The following activities will help familiarize your students with the plot of La Fille du Régiment, forge connections between a variety of classroom subjects, and encourage creative responses to the opera. They are designed to be accessible to a wide array of ages and experience levels.

Going Around in Circles
Introduce your students to imitative counterpoint and the compositional technique of the “canon” (or “round”). Invite them to sing “Row, Row, Row Your Boat” or “Frère Jacques” with their classmates, friends, or families, and then ask them to listen for and analyze the canon in the overture to Fidelio.

Musical Scavenger Hunt
Ask your students to listen to the overture to Fidelio while following along with a score. As they listen and read, invite them to search for specifical musical elements (chords, dynamics, etc.).

“Painting the Text” with Music
Have students listen to the famed “Prisoners’ Chorus.” Provide a musical score and/or a translation of the text, and ask them to circle any moments that capture their attention. Which words did they circle? Why did these moments stand out in the music? Why might Beethoven have chosen to highlight these moments?

Write a Rescue Opera
Invite students to write their own story for a rescue opera. They might choose to set this opera in the late 18th century or early 19th century (like Fidelio), or they might use it to respond to events (such as a global pandemic) that affect us today.

True Love and Sacrifice
Ask your students to think of stories about love and sacrifice and then compare these stories to Fidelio. Ask your students: Who or what might they be willing to make a sacrifice for?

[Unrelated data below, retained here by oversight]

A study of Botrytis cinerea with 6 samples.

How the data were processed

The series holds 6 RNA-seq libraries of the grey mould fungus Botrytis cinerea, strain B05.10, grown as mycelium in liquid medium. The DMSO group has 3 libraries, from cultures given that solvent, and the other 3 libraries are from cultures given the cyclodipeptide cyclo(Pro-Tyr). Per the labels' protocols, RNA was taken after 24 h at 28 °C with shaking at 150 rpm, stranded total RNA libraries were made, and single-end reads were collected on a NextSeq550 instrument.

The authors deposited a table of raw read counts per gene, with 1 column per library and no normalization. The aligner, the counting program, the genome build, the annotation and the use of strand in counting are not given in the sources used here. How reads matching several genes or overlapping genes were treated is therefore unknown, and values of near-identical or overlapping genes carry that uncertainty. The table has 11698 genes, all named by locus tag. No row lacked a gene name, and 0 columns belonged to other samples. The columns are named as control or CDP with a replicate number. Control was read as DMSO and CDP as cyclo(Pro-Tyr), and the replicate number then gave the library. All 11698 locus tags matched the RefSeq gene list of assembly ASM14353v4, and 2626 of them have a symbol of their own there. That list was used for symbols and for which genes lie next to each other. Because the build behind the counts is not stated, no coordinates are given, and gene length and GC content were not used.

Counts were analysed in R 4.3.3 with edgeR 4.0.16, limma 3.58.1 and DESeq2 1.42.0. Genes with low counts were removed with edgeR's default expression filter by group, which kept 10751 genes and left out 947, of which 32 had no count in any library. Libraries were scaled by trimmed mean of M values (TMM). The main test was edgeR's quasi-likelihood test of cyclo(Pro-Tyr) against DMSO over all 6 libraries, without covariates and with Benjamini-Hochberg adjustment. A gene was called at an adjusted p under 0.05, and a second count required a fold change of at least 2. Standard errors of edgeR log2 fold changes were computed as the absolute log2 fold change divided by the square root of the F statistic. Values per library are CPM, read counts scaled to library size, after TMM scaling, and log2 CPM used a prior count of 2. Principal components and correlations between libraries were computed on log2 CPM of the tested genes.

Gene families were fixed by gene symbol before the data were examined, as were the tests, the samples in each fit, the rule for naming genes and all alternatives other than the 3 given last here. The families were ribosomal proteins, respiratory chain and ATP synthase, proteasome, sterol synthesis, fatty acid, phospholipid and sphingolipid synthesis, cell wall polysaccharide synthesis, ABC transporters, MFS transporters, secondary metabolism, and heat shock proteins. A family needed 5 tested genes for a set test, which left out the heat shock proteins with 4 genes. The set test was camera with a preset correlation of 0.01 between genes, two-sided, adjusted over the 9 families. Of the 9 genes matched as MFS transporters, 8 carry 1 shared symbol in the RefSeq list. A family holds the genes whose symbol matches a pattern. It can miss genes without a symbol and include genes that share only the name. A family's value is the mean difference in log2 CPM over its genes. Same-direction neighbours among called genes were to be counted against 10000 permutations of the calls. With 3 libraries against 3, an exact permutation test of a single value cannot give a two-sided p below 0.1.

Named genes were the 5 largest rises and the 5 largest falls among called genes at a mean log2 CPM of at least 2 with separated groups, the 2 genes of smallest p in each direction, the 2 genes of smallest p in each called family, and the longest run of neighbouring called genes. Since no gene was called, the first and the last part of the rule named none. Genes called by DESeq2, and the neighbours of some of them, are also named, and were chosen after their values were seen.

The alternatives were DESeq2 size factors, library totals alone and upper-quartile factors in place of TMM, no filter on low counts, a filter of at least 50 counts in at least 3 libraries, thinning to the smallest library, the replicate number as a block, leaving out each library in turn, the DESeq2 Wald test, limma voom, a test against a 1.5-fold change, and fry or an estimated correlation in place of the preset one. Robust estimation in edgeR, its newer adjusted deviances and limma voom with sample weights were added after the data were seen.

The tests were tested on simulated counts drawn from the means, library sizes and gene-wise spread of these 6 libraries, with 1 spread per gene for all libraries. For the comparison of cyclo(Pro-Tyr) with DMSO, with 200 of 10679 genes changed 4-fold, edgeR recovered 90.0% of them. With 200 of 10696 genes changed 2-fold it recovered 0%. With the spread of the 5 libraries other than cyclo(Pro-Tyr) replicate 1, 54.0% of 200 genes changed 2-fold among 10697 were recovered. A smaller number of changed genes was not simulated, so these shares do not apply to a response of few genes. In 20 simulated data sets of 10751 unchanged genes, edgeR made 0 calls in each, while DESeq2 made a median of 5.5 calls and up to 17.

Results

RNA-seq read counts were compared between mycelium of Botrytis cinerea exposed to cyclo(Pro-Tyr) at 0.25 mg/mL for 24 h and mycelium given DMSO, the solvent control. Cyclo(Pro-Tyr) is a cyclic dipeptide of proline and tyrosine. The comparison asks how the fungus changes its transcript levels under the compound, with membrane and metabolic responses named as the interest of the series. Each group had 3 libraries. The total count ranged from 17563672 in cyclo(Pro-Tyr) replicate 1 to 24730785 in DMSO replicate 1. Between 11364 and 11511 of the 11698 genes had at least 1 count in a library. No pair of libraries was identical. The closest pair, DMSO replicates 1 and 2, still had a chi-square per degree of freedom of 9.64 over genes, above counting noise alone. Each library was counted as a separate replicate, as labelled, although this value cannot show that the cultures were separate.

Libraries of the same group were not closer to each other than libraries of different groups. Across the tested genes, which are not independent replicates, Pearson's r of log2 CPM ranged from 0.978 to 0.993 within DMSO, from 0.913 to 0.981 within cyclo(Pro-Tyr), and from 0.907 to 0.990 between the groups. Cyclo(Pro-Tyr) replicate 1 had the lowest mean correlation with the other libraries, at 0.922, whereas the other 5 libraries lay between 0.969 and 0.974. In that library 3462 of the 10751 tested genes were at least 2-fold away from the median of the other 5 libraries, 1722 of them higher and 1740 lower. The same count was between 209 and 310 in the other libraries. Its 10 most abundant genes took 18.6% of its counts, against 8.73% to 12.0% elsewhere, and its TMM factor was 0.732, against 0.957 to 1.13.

My Manifesto
Invite students to write a personal manifesto from Leonore/Fidelio’s or Florestan’s perspective. To deepen this study, invite students to learn about some of the ways in which people have sought liberation from oppression. Students can read other manifestos that take a stand against political injustice and tyranny, and perhaps write their own manifesto expressing their personal values and celebrating their commitment to others.

These activities directly support the following ELA-Literacy Common Core Strands:

Analyze how particular lines of dialogue or incidents in a story or drama propel the action, reveal aspects of a character, or provoke a decision.

Engage effectively in a range of collaborative discussions (one-on-one, in groups, and teacher-led) with diverse partners on grade 6–8 topics, texts, and issues, building on others’ ideas and expressing their own clearly.

CCSS.ELA-Literacy.RH. 6–8.6
Identify aspects of a text that reveal an author’s point of view or purpose (e.g., loaded language, inclusion or avoidance of particular facts).